Fox in the Hen House

The love of money, it is said, is the root of all evil. I think we can all agree, given the recent financial unpleasantness, the statement conveys a universal truth. As an executive director of a non-profit historical organization, I think about money more than I really care to, but it comes with the job. I know of no one in my position who would tell you she or he has all the fiduciary resources they need. But we work with what we have, find places to get funding for particular projects and delay, redesign or abandon when necessary.

When I read stories about the embezzlement of funds from AASLH or the mismanagement (to put it kindly) of funds at the Missouri History Museum, it is disheartening. Not because it happened. Human nature expresses itself in different ways and dishonesty is one of them. But because when it happens in our small world of historical non-profits, it hurts us all. We are challenged on a regular basis from many quarters by things unrelated to money. We are challenged to reach the public with our historical message, we are challenged to help the same public understand what we do (e.g. an exhibit isn’t just a display of a bunch of old stuff, we don’t know the answer to every random history query off the top of our heads, no you cannot borrow an object from our museum or archive to display in your home/business) and we are challenged to make a case for the value of our institution, our work, and our services to the community.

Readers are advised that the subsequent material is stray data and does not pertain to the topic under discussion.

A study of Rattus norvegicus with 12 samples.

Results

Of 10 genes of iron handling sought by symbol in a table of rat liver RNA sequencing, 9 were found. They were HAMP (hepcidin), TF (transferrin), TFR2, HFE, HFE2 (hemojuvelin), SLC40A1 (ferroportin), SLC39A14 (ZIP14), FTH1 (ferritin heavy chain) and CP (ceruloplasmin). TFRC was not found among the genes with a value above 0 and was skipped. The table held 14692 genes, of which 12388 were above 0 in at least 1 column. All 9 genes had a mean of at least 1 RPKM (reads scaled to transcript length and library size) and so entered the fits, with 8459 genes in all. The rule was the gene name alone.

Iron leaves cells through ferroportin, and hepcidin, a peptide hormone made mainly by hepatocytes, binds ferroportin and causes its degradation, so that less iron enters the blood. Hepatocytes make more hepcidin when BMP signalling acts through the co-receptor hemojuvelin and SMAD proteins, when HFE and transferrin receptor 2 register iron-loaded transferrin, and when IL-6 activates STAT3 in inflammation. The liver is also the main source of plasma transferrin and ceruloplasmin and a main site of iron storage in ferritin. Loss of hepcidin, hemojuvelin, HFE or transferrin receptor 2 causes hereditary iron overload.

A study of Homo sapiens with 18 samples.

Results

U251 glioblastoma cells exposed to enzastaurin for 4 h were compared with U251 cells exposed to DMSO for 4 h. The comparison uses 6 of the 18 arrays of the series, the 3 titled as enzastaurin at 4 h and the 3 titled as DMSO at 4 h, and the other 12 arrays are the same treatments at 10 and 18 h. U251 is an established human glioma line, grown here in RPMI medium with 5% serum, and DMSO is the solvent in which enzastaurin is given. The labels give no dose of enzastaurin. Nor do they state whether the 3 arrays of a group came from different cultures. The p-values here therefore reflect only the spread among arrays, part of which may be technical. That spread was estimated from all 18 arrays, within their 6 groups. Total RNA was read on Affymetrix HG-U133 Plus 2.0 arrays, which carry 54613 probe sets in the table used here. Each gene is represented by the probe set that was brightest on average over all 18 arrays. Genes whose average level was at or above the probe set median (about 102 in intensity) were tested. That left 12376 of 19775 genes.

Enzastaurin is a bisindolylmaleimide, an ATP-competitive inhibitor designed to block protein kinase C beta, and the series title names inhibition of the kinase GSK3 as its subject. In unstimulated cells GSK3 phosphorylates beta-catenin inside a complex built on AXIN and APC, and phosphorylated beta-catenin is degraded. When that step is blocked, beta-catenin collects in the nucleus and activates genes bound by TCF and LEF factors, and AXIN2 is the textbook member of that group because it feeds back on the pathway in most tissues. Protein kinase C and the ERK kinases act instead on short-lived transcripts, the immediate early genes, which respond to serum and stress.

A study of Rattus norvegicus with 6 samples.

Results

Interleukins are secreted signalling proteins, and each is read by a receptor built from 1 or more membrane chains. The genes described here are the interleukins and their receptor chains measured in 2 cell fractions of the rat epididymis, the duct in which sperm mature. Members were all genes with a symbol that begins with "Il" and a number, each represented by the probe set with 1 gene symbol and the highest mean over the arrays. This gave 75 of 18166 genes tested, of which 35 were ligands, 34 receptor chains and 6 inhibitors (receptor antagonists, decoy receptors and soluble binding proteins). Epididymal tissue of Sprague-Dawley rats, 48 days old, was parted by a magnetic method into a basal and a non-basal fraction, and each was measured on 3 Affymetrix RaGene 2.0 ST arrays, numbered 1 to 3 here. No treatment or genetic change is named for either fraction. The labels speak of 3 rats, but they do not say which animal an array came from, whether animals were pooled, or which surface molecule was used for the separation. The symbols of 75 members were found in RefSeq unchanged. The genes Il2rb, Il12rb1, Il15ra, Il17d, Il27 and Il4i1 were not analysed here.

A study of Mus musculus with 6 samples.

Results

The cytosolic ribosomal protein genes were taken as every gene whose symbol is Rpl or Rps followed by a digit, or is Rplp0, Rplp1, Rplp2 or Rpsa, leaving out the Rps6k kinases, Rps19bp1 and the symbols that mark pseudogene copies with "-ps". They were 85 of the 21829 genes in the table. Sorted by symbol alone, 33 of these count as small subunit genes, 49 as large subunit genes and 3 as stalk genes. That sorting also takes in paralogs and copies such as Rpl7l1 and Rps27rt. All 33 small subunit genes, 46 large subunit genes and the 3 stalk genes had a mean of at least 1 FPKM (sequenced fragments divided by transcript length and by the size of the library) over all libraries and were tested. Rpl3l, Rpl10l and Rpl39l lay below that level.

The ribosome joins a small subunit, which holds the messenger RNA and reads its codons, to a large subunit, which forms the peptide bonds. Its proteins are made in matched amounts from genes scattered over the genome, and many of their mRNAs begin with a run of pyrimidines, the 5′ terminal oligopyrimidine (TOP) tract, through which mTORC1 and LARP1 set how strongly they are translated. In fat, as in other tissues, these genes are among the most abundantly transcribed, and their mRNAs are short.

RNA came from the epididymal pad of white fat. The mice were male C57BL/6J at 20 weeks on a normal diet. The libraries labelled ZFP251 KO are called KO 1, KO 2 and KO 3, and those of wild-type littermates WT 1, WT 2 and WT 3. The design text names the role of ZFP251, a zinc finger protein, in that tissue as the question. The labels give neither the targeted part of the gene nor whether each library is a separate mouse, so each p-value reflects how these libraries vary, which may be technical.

Preventing financial misdeeds is one reason why we have policies and procedures, codes of ethics, conflict of interest agreements, etc. But a bunch of polices do not enforce themselves and it is not until something goes wrong that the finger pointing starts. Ultimately, the responsibility lies with the board of directors. The non-profit executive serves at the pleasure of the governing body which is the board. The executive is to provide the specialized professional expertise to run the organization within the best practices accepted by the field. The board is responsible for ensuring the fiduciary well-being of the organization and for supervising the executive. That means, along with making sure the organization has enough funds to operate, members of the board need to make sure there are checks on the power of the executive. For example, limits on discretionary spending and arranging for an audit by a certified individual or firm on a regular basis. Audits, when done right, do not just look into the financial records of a non-profit but also examine procedures for handling money and expenditures, and looks at the relationship between the board and the executive staff. One issue the AASLH auditors brought up before the embezzlement became known was their concern about the fact only one person in the organization had authority over funds.

From my point of view, when a board abdicates responsibility through apathy, inaction or disregard of policy, it creates an atmosphere conducive to misdeeds. I’ve seen more than one organization that, but for the high ethical standards of its executive and staff, could end up in a mess like the Missouri History Museum or worse. In another post, I’ll talk about what happens when the board oversteps its bounds, which can be just as bad.